When the Public Health Act was introduced in the UK in 1848, a profession was born. The Act created Inspectors of Nuisances now most commonly known as Environmental Health practitioners. At the heart of this profession are dedicated individuals with a desire to protect and serve the public through effective regulation.

For members of the public going about their daily lives, they are probably blissfully unaware of how much impact their local council regulators have in keeping them safe. Issues around health & safety, the quality & safety of the food they eat, ensuring that the taxi journey they take is safe and that environment in which they live is protected from pollution, the list goes on.

To be effective regulators, the profession has had to keep pace with the changing face of the industry, commerce, health, and all things environmental. Embracing scientific and technological advancements has allowed the profession to continue to protect the public for over 170 years.

Having spent over 20 years working in local government, most of that time spent within Environmental Health, I can safely say that members of this profession are well known for being adaptable and for embracing change.

The good old days

When I first started my local government career, we had one computer between the whole team and a telephone shared between the two. Everything was done on paper, even the records put on the green screen database were printed off and filed along with all the other associated paper records and scribbled notes by the ever-willing filing clerk in the ever-burgeoning file room.

When I left, I had a PC, two laptops, a tablet, digital pens, a digital camera, a mobile phone, and a landline, email, and the internet. The office was effectively paperless, the file room and filing clerk were long gone as everything was stored digitally. Computers and software had become the essential tools, recording and reporting all activity. Customer contact had moved from face-to-face in receptions to self-service portals and contact centres. Application processes had been moved online along with payment for services.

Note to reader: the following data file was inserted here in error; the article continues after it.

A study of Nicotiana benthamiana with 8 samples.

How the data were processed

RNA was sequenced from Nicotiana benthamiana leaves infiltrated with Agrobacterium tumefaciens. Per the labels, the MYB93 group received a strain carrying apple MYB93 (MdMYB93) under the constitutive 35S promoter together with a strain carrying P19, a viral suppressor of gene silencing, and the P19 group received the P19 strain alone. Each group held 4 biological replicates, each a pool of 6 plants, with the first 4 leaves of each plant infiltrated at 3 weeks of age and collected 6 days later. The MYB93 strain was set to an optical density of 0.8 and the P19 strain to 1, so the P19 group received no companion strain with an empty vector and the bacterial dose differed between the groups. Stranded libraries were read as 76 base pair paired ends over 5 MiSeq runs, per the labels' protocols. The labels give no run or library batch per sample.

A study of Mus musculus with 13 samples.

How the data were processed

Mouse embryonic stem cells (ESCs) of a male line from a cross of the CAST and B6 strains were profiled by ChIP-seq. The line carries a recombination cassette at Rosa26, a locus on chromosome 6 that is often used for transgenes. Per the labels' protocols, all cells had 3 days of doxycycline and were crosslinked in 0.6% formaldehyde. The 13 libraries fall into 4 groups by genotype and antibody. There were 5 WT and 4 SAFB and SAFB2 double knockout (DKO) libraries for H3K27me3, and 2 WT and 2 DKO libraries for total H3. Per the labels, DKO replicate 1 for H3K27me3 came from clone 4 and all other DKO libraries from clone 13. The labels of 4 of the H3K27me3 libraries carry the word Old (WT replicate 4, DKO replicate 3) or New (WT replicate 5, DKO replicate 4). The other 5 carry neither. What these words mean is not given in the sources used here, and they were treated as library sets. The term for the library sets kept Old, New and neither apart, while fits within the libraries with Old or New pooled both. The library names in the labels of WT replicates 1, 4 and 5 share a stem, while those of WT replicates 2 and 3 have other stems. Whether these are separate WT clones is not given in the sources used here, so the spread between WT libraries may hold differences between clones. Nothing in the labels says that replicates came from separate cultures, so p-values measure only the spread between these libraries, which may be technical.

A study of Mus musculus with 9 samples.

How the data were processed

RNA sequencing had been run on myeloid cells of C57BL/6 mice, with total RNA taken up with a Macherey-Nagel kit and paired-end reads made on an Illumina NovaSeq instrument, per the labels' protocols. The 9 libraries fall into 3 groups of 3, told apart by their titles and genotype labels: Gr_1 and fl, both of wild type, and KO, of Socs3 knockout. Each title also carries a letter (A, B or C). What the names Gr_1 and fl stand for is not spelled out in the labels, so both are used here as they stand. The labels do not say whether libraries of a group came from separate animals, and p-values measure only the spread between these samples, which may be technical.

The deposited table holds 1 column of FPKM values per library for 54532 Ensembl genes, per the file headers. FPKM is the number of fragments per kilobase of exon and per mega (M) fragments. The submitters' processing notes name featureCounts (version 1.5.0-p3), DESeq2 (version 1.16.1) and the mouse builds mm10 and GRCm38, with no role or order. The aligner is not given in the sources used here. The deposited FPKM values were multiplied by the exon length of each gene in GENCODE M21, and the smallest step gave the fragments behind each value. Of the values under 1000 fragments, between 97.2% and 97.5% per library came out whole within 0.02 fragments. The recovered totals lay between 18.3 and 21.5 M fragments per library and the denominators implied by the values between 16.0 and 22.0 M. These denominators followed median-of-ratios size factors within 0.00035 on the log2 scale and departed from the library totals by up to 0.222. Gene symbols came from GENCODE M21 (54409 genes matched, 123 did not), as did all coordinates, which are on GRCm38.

Technology has not only empowered the regulators, but it has improved customer access to services and information. Online databases providing public access to information such as food hygiene ratings and licenses allow customers to make informed decisions of where to eat and who to trust with the boarding of the family pet or for the taxi ride home.

With this comes a requirement for information technology that is reliable, easy to use, and secure. All of this being as essential as a white coat and hat or a high vis jacket and a safety hat to the modern-day regulator.

Software design needs to adaptable to deal with rapid changes in legislation such as we’ve seen recently with COVID and the demands that this can bring to already stretched departments. It’s no longer practicable to have slow software deployment with changes happening once every 6 to 12 months with a server down for a day. Modern regulation needs a reliable cloud-based system rapidly updated out of hours on a regular basis ensuring consistency across the user base with the minimum of impact.

My Council Services – the 360-degree view to regulation services

Introducing My Council Services Regulatory Services. This new module brings together all the requirements of modern-day regulation into our established local authority-focused cloud-based platform My Council Services. With its integral mobile working and forms capabilities, the new module aims to bring a 360-degree view to regulation.

The bespoke module is being developed with statutory reporting, process improvement, and automation, combined with a 360-degree view of data to ensure our users will be well equipped for any future demands.


As a company, our focus has always been on local government and how through the My Council Services platform, we can assist our customers to continuously improve the services they offer by working together. The Regulatory Services module is no different and is a direct result of us listening to our customer’s needs.

When I left local authority employment and joined Abavus I wanted to be more than a part of the process of change, I wanted to drive the change. Since joining Abavus, I have transferred my knowledge and experience to collaboratively work with the product development team at Abavus to develop the new regulatory services software. I’m looking forward to working with customers old and new in a similar way to make our regulatory services module the best available software for modern regulation.